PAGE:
What is teaching to the test?
Teaching to the test means using a technique called item-teaching, where teachers use lookalikes or clones of test questions to work on a concept out of context. This teaches small pieces of information that teachers expect students to see on a standardized test.
Why do teachers use item-teaching?
No Child Left Behind stressed the importance of making sure every student was meeting expectations. Unfortunately, it also brought an onslaught of standardized tests, and consequences for schools with lower scores or struggling students.
Pressure for students to perform well on these standardized tests may prompt teachers to focus on information they know will be on the test, rather than teaching the regular curriculum. The problem occurs when preparation for testing interferes with normal learning.
Problems Teaching to the Test Causes
The most obvious problem with teaching to the test is that it interferes with the time spent in the classroom. Not only are children missing out on learning to take these exams, but now the week leading up to those exams is also filled with specialized instruction that doesn’t always improve test scores the way it is meant to.
Item-teaching misrepresents the understanding that students have of a topic, and invalidates the test scores of those students. Suppose students are expected to learn 300 vocabulary words in a year, and will be tested on 30 random words from those 300. If a teacher knows which 30 words the students will be tested on, and drills only those 30 with her students, then a student who gets all 30 right looks like they know every word, while only knowing 10% of the material.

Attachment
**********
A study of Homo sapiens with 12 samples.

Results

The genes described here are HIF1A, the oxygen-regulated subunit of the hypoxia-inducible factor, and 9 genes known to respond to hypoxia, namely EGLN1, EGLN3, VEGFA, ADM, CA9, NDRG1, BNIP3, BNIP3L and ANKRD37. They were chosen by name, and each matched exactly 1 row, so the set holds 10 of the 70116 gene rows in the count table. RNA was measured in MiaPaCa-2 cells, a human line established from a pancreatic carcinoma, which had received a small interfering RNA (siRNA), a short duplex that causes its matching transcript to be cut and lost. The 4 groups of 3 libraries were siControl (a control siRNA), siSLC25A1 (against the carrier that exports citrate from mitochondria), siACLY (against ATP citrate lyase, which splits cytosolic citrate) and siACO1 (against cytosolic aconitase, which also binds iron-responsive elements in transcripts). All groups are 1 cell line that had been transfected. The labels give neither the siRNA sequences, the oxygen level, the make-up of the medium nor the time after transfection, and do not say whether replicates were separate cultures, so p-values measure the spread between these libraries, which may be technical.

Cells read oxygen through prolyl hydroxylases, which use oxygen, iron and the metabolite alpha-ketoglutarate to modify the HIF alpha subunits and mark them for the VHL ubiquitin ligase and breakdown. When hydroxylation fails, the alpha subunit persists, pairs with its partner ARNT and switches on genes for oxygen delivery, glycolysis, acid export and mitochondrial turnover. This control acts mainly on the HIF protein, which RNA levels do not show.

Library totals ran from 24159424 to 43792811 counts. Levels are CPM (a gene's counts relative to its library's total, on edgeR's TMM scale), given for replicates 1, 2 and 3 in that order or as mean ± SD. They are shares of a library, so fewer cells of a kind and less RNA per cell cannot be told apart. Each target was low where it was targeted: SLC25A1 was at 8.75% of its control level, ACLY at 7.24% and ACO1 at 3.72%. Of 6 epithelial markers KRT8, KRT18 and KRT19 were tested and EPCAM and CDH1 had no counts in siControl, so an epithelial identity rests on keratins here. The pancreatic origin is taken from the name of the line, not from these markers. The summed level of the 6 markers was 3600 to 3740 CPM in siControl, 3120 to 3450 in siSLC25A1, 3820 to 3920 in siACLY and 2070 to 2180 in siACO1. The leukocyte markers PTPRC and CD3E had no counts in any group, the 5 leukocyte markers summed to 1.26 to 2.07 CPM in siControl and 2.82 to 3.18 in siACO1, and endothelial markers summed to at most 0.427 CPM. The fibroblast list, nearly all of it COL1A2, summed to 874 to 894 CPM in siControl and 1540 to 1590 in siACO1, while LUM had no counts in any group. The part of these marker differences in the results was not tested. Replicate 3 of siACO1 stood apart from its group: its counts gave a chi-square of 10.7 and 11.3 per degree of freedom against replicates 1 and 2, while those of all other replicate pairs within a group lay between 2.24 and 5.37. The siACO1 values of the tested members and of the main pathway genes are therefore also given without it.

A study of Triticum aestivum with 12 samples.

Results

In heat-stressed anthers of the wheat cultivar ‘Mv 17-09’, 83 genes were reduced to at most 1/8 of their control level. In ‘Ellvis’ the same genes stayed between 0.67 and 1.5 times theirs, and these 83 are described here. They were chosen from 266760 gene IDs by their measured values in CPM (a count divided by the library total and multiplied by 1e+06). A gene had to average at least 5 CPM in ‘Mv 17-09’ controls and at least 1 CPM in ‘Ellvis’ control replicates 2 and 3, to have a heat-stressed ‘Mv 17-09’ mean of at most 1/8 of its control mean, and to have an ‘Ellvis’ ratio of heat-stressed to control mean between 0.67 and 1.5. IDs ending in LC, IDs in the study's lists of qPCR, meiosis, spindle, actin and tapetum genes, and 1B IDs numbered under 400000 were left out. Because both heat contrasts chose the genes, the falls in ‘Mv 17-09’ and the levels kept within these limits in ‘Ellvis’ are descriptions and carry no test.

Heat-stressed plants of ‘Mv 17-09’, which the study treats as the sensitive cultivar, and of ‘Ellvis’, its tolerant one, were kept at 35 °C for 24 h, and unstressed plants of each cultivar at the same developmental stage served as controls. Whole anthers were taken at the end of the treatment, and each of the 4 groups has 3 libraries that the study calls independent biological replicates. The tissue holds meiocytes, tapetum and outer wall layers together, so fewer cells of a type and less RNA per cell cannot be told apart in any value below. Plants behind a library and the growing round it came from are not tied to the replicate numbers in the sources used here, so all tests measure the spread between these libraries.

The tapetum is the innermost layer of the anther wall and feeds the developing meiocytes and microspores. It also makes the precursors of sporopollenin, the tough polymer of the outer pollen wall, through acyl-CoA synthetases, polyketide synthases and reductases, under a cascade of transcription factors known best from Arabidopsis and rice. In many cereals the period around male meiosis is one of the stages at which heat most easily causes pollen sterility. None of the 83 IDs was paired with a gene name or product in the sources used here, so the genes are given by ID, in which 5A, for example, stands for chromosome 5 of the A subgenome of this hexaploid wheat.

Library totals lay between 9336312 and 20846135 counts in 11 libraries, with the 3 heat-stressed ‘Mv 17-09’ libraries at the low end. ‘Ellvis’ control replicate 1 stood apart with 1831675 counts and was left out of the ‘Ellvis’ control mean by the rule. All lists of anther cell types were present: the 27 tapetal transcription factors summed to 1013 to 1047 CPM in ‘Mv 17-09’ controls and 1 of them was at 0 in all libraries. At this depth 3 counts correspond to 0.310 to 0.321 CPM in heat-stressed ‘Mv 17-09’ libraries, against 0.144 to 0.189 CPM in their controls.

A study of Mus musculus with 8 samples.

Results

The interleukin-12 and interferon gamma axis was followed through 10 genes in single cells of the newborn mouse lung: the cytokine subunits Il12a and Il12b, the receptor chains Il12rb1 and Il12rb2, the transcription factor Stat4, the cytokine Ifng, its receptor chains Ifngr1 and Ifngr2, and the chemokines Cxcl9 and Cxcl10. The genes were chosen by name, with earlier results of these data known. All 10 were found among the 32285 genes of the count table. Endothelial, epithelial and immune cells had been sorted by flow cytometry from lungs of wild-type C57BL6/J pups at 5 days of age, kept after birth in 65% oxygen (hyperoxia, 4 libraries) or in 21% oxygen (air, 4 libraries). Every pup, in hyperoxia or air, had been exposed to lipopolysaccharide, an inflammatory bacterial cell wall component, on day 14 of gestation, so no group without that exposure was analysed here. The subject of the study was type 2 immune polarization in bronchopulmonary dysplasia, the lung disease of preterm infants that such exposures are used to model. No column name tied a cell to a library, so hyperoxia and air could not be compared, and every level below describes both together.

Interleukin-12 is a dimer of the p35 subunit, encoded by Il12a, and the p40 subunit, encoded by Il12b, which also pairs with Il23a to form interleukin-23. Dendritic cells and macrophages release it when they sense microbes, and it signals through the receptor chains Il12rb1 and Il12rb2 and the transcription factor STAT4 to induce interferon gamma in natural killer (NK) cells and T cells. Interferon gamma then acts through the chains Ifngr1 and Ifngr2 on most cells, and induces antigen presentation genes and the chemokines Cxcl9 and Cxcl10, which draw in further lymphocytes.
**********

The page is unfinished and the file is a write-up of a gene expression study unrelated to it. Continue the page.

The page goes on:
Information that a student memorizes is not necessarily information that they understand, especially if the information has no context. A student who memorizes word problems may still perform poorly when the same math operations are set up as an equation rather than a sentence.
Does Item-Teaching work?
Even short term reliance on teaching to the test is ineffective. Although students do need to be familiar with test format, teaching class content normally produces the best scores from students. These tests are designed to reflect what a student learns in a year, which means changing the learning to fit the test is counterproductive.
Students show standardized testing scores up to 20% higher when teachers use methods to teach math that mimic real world situations. These results reflect the teacher, not the performance level that a student was thought to be at. Complete understanding of a topic comes from context and examples, which is why item-teaching doesn’t work.
The best thing for your child is learning the same topics in their normal environment, with context for their examples, and reviewing these concepts at home.